Into Shanghai.

I got off the plane, out of the terminal, and through customs. The airport was was not much different than to what I was accustomed: moving sidewalks, large crowds of people with luggage, loud computerized voices echoing off tile floors. Fuji (the professor helping lead our research team) met me outside of baggage claim. Everything seemed similar to what I knew in the States. Together we hopped in a taxi and began our one hour drive from the airport to Fudan University. It was only then that I knew I was in China.

Chinese billboards, Chinese license plates, Chinese road signs, thick Chinese smog. And I cannot forget Chinese driving. We got onto the highway, and the taxi driver swerved between cars and straddled lanes. Grabbing the door to keep steady in what seemed like a theme park ride, I looked out past the highway. We were an hour from Shanghai, but even here I saw crane after crane, each slowly expanding the city limits with new buildings and new infrastructures. I strained my neck to see the tops of the massive electrical poles that ran like arteries into the city.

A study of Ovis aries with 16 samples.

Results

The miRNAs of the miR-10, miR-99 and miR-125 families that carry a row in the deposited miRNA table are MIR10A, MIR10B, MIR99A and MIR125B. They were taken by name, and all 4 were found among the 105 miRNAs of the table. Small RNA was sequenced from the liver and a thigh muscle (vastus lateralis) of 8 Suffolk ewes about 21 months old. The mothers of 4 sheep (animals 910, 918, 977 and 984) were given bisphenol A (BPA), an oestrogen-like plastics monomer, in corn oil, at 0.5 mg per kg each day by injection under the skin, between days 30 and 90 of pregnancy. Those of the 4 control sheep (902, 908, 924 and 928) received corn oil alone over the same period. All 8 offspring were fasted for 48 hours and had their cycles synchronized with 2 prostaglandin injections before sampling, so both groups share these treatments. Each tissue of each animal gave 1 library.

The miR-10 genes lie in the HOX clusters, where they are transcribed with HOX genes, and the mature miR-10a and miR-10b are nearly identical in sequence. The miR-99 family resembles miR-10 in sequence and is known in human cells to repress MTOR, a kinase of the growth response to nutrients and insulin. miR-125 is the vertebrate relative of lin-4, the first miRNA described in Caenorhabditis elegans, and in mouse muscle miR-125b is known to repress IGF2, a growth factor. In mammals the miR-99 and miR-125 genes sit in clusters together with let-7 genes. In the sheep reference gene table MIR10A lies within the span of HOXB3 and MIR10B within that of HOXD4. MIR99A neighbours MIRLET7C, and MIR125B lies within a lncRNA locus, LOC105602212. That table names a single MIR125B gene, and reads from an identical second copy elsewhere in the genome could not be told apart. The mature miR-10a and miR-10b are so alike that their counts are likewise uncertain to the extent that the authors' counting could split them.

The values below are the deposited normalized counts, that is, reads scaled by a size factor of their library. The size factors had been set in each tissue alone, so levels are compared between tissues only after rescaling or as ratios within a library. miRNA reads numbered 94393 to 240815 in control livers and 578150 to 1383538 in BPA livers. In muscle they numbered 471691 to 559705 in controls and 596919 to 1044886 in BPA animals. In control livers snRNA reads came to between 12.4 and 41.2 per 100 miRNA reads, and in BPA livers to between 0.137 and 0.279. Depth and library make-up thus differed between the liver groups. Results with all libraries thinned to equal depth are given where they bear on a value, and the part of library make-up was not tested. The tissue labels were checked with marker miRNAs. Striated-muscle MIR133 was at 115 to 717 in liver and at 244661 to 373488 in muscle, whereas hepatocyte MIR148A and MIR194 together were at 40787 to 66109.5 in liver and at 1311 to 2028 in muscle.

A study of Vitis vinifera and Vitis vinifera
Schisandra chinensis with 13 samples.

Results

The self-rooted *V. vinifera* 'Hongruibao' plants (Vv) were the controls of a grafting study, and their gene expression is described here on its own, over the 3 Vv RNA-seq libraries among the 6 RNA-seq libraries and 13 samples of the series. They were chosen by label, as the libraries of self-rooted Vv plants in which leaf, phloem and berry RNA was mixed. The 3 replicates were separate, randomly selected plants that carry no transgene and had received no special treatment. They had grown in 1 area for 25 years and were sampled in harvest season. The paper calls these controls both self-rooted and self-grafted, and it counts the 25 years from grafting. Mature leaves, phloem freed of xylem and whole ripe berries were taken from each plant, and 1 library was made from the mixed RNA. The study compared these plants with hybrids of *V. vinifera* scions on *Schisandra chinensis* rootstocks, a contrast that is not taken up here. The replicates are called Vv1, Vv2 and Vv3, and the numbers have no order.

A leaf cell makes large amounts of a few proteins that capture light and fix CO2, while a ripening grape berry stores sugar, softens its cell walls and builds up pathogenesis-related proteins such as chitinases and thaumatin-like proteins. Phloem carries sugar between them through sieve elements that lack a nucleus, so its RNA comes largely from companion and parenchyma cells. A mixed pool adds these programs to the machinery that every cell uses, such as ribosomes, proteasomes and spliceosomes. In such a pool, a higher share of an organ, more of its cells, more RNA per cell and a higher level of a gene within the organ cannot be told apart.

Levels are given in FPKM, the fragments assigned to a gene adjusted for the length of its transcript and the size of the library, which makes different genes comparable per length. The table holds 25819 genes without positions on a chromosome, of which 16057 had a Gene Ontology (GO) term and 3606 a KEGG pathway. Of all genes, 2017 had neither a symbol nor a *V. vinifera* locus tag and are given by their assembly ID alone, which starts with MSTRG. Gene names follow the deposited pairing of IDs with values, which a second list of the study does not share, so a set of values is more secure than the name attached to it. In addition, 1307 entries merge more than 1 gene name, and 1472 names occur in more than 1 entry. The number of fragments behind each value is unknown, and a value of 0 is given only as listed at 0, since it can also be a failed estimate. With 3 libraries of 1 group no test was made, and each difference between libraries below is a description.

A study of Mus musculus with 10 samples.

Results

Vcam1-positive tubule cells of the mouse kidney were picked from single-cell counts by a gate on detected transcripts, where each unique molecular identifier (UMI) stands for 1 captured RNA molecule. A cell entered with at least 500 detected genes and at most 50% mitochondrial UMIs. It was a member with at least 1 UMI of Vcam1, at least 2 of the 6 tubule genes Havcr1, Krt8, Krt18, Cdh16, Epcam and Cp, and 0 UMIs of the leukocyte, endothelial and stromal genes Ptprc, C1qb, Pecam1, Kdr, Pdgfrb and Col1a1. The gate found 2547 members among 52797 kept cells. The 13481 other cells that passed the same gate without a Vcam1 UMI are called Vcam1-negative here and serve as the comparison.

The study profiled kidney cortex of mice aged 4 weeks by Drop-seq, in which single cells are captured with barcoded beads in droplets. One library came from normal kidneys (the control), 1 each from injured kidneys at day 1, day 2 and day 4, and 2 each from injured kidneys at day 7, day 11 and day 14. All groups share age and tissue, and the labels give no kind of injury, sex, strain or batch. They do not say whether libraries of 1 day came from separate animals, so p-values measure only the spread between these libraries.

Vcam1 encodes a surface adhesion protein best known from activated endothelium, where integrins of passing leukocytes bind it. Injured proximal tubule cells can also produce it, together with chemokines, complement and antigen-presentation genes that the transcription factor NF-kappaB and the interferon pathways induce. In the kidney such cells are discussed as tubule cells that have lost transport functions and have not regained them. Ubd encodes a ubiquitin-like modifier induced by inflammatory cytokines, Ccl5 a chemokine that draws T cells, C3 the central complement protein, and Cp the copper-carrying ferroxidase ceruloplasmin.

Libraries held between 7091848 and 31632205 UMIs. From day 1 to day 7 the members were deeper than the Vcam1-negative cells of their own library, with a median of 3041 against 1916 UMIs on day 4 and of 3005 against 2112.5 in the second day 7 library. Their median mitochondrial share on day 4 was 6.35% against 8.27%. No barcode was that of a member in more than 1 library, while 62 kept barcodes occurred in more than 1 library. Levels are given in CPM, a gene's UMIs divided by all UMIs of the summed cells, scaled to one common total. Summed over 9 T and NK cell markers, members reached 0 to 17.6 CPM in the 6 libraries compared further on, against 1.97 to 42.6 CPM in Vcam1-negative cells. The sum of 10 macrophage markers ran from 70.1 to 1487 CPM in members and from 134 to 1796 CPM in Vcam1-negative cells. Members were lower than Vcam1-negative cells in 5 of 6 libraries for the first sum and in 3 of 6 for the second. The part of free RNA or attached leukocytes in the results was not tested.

These poles were striking. I saw men working around their thick concrete footings. It took me a second to realize what they were: they were farmers. Looking anachronistic in the rapidly modernizing landscape, they tended crops on fragmented farmland, strattled between new apartment complexes and below high voltage power lines. It seemed as though they were slowly being swallowed by the city. How are they surviving now and what are they to become? The taxi-cab driver honked and swerved. My view was again replaced with thick concrete highways.

I do not know if it was the heavy, industrial smog or the dizzying cab ride, but I arrived at my dormitory as night fell feeling a little nauseated. Fuji brought me to my room. Passing on dinner, I unpacked my bags and fell asleep.